Friday, December 10, 2010

Drink to me only with Thine Eyes

"Drink to Me Only With Thine Eyes" is a popular English song, set to the lyrics of Ben Jonson's 1616 poem "Song To Celia." John Addington Symonds demonstrated in The Academy 16 (1884) that almost every line has its counterpart in the Epistles of Philostratus, notably Epistle xxx. George Burke Johnston noted that "the poem is not a translation, but a synthesis of scattered passages. Although only one conceit is not borrowed from Philostratus, the piece is a unified poem, and its glory is Jonson's. It has remained alive and popular for over three hundred years, and it is safe to say that no other work by Jonson is so well known."Another classical strain in the poem derives from Catullus. In a brief notice J. Gwyn Griffiths noted the similarity of the conceit of perfume given to the rosy wreath in a poem in the Greek Anthology and other classical parallels could be attested, natural enough in a writer of as wide reading as Jonson.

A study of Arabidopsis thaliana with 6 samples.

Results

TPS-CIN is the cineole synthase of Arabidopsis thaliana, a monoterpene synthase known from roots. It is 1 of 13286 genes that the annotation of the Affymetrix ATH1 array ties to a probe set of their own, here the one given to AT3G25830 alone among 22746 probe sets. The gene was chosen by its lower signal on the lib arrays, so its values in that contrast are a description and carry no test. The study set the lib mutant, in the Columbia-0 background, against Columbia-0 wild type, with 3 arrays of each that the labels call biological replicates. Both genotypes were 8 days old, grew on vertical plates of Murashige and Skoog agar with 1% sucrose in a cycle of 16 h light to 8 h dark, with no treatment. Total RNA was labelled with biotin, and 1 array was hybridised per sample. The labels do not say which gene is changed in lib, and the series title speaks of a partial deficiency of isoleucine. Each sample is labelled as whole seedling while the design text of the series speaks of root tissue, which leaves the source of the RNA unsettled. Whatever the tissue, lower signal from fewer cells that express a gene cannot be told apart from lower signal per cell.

Willa McClung Evans suggested that Jonson's lyrics were fitted to a tune already in existence and that the fortunate marriage of words to music accounted in part for its excellence. Another conception is that the original composition of the tune was by John Wall Callcott in about 1790 as a glee for two trebles and a bass.
It was arranged as a song in the 19th century, apparently by Colonel Mellish, and again arranged as a song by Granville Bantock.

I've made a transcription for 4 voices, but it can also been played by violin, mandoline, bouzouki and octave-mandolin.